You’ve probably heard about the term “Precision Medicine”  in the headlines recently, right? Yes, I knew it. So, have you ever wondered how it is and will continue to affect your life and everybody else’s? In the next lines we will try to briefly introduce this theme and provide practical examples. So stay tuned.
Precision Medicine is the new concept of giving to every patient the right treatment, in the right dosage, at the right time, avoiding collateral effects and unnecessary, costly treatments. How is that possible? First we have to know you, really know you, in a molecular level.
Genetic tests are powerful tools that, together with medical records, guide doctors towards the most appropriate treatment. Nowadays, clinical laboratories provide a wide range of genetic tests. Let’s get to know a few of them.
DNA sequencing allows us to know our genetic code, present in our body cells. With this technology it is possible to read small specific parts or even the whole genome, from healthy or tumorous samples. Whenever you need to know your predisposition for cardiovascular or neurological diseases, confirm a clinical diagnosis for a specific gene or even try to discover the genetic cause of an unknown disease, there will be a genetic test
available for you .
Oncology treatments will also benefit. Not every cancer is the same disease, in fact, not even every breast cancer is the same! There are several different molecular features that leads to different types of breast cancer. The right genetic test may elucidate the genetic cause and indicate the best available drug.
DNA fragments derived from tumorous cells can be found in small proportions in our bloodstream. Massive DNA sequencing from bloods samples is a non-invasive technique that can spot those fragments, allowing for early cancer detection and monitoring of treatment response and cancer reappearance .
Chemo and immunotherapies
Genomic instability is a common feature in fast growing tumorous cells , that can present accumulation of point DNA alterations or even whole extra chromosomes. Depending on how unstable a cell genome is, it may be more susceptible to certain treatments, as the defective cell may not recover from another challenge and shortly die or it can be more susceptible to the immune system . That is the principle behind some genetic tests that measure how damaged is the cancer genome and, therefore, how likely it is to respond to some chemo or immunotherapies.
Our metabolisms process medicines in different ways. Why? There are different genes responsible for drugs metabolism, and people have different versions (isoforms) of those genes. Cytochrome P450 (CYP) enzymes are the main players in the majority of all drugs metabolisms, and there are hundreds of isoforms out there. Depending on your genes, you may be fast, normal or really slow at processing a medicine, which may influence in the correct treatment, dosage or collateral effects . Scientists are in their way to discover all gene-drug interactions, and a sort of pharmacogenomic tests are already available.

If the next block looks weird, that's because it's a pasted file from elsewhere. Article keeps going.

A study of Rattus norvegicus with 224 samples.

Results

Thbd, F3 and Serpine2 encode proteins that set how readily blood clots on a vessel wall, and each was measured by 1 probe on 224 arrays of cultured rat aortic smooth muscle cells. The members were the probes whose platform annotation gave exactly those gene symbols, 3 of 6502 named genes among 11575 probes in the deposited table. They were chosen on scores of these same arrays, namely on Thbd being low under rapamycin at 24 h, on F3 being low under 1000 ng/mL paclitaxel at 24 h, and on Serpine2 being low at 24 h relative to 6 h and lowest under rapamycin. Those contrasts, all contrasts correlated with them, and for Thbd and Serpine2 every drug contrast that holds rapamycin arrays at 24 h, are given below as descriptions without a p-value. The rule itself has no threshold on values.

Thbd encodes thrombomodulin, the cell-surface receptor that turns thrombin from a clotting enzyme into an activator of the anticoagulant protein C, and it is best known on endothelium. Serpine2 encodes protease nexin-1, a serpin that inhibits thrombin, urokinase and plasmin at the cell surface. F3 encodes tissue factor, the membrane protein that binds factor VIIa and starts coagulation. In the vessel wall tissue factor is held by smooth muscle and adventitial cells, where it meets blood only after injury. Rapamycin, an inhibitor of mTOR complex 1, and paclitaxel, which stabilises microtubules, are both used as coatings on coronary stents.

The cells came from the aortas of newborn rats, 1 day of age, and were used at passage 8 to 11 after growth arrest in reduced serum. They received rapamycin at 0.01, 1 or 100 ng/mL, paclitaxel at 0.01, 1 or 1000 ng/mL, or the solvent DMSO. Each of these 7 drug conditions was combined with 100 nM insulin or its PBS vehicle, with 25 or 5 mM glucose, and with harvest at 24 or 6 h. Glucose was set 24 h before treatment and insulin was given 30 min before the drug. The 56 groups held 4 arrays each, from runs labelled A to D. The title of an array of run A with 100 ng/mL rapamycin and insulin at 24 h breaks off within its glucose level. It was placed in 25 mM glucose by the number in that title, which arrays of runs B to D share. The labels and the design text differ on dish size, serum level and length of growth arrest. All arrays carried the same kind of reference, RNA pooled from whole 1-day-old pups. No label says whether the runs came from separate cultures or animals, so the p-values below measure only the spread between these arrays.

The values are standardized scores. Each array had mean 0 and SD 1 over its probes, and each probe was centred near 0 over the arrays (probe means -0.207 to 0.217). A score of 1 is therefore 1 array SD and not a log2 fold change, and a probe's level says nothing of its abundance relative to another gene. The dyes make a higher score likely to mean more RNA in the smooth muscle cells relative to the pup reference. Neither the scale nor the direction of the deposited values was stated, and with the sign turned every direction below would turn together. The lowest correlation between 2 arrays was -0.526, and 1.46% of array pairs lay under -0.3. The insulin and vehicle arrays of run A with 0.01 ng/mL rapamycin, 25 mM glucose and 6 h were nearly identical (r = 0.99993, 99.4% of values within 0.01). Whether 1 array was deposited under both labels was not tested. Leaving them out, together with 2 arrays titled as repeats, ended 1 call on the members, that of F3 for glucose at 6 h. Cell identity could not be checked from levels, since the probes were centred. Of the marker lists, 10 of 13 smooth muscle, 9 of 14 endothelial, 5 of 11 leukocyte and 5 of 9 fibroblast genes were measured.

A number of companies have being offering custom genetic tests, promising that you will get to know you better with just a saliva drop. Well, with a few regards and at the best of the modern scientific literature, they are telling the truth. Nutrigenetics, predisposition to Type II Diabetes or Alzheimer disease, fitness aptitude, hereditary history, if you are good or not with bitter flavors… You name it, it is available. Just get to know the limitations of each result, follow the references, think twice about what you really want to know, take care of your genetic information and have some fun.
You are probably aware that our body have much more microorganism cells than our own cells. They live in our skin, mouths, intestines, etc. Microbiome tests are in the initial stages of development and will soon begin to provide hints on what are the main characteristics of our individual microorganisms and how these little fellows may have great influence in different aspects of our lives .
Those are just a few examples and this list is growing in a fast pace. Precision Medicine wants to get to know you, and someday, we will all be genetic tested somehow. Are you ready?
 Ferguson LR, Chen H, Collins AR, et al. Genomic instability in human cancer: Molecular insights and opportunities for therapeutic attack and prevention through diet and nutrition. Semin Cancer Biol. 2015;35 Suppl(Suppl):S5–S24.
 Allaband C, McDonald D, Vázquez-Baeza Y, et al. Microbiome 101: Studying, Analyzing, and Interpreting Gut Microbiome Data for Clinicians. Clin Gastroenterol Hepatol. 2019;17(2):218–230.